The summer before I started university, I was given a reading list. On this list was Richard Dawkins’ “The Blind Watchmaker”. It had a major impact on me. Prior to this point, I had implicitly accepted a concept known as ‘irreducible complexity’ which can be encapsulated by the question: What use is half an eye? Basically, proponents of irreducible complexity doubt whether something as complex as an eye could evolve through a series of infinitesimal steps, each of which confers a small but significant advantage on an organism in the way that Darwinian evolution suggests. Instead, these features must emerge fully-formed. In The Blind Watchmaker, Dawkin’s patiently describes each tiny step in the evolution of the eye; how a patch of light-sensitive cells confers an advantage over organisms which cannot sense light, how having these cells in a depression on the skin gives some sense of the direction of the light and how this is an advantage over just having the cells on the surface and so on. Dawkin’s proceeds to build to a whole eye in such steps. He even notes that eyes have evolved independently in a range of different organisms.Most of those who accept irreducible complexity are motivated by religion. It is a key argument put forward for pseudoscientific theories of intelligent design which reject evolution in favour of some form of creator. I had a more idiosyncratic view, holding that evolution did occur but must have proceeded via great bursts of mutations, probably caused by radiation from space. Whatever I had thought, Dawkins changed my mind.
However, I think that we can draws some useful parallels here for education. Consider an intervention, teaching method or innovative approach. Must it be adopted wholesale? Will implementing parts of it give some of the claimed advantages? Of course, it is entirely possible that there are interventions that are greater than the sum of their parts but if this is the case;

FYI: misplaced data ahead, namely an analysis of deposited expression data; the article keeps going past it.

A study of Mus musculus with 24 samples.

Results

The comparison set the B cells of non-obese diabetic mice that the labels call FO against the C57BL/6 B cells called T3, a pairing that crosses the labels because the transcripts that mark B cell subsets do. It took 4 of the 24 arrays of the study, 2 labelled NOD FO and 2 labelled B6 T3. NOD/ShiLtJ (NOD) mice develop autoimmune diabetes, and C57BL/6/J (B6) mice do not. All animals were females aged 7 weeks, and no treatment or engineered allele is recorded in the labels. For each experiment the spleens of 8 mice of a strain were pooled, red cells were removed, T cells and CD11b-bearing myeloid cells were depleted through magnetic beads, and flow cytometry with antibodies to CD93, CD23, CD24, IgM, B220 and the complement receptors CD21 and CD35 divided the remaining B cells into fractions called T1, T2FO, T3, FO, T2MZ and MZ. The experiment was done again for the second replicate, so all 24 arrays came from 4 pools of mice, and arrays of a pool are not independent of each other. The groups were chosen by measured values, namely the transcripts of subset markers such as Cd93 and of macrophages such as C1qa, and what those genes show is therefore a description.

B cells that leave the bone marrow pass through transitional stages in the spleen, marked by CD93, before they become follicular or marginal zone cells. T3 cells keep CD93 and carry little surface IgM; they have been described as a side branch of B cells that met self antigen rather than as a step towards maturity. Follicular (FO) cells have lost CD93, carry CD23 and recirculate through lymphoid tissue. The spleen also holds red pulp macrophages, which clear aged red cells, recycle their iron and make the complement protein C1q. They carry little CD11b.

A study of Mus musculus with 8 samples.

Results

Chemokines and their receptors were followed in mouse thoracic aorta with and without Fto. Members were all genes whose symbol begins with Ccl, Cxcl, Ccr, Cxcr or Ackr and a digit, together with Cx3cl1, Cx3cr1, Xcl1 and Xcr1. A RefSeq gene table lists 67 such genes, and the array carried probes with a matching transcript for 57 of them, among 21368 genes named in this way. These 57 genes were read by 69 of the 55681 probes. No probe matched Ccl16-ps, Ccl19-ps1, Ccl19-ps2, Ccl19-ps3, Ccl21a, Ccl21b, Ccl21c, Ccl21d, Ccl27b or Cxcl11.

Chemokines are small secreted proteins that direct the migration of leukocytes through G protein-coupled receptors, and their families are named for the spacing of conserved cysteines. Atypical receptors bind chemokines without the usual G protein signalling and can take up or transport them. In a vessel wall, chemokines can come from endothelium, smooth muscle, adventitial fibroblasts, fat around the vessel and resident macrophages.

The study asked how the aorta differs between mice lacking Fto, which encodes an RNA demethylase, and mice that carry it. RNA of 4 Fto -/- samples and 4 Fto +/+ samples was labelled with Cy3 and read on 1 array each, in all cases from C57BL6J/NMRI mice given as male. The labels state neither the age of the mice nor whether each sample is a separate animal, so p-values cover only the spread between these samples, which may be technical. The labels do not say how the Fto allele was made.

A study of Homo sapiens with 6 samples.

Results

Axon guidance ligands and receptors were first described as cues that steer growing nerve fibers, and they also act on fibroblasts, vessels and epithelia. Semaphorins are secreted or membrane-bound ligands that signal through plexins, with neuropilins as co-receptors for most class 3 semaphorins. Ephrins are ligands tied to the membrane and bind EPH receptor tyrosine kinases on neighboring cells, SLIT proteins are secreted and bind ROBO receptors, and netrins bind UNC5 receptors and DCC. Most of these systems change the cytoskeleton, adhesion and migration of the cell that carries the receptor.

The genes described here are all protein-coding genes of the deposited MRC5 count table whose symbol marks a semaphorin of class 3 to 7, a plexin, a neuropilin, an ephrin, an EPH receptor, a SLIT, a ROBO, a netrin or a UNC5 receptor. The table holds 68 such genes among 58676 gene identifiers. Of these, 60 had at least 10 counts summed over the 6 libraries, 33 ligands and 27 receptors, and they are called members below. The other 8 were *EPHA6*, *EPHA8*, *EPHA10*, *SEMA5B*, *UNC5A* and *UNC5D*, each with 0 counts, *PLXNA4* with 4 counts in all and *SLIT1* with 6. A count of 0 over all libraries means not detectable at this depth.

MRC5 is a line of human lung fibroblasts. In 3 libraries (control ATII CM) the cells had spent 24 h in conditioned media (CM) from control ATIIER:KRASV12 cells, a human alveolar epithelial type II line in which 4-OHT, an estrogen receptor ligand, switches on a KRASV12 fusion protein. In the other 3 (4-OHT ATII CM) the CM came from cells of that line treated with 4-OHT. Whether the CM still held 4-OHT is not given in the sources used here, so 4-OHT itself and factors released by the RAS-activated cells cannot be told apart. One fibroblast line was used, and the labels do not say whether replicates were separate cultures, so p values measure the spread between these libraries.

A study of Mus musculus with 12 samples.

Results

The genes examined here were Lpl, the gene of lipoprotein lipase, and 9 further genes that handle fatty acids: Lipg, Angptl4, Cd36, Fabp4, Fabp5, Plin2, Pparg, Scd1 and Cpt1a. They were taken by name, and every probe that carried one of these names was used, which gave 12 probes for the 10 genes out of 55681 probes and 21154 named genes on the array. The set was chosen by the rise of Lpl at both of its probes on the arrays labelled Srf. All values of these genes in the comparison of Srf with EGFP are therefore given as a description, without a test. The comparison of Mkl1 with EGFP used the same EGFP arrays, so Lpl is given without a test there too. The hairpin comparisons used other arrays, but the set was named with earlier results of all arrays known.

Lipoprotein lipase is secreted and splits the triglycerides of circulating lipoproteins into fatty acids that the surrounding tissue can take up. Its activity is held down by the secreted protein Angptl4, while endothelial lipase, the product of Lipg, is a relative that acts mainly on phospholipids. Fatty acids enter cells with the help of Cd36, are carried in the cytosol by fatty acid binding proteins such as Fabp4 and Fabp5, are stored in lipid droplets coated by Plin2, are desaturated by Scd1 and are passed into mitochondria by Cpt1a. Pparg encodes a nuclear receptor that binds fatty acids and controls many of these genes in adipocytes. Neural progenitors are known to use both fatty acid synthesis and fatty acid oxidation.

1. Why is this so? What mechanism causes it to work only if all components are present?
2. Is it really going to be possible to implement this intervention at scale if it’s only going to work if everyone adopts it faithfully?
The problem with accepting the irreducible complexity of a particular approach is that when and if it fails to produce results then proponents of the intervention can always claim that it wasn’t done properly. This can even approach the ‘no true Scotsman’ fallacy whereby the fact that it didn’t work proves it wasn’t implemented properly. In scientific terms, we have an unfalsifiable claim.
How can we be sure something is not irreducibly complex? If we examine Engelmann’s Direct Instruction then the different components of it should each confer some advantage over not having them in place; explicit instruction on concepts and procedures, immediate corrective feedback, practice, a systematic approach (over a serendipitous one) and scripted lessons. I think the evidence supports the first four of these, with some caveats around how and when feedback should be immediate. I am not so sure about the scripting of lessons because I know of few other examples where this is used. On balance, I am happy to conclude that such an approach does not display irreducible complexity and is therefore likely to work at scale.
Try applying this test to a different intervention.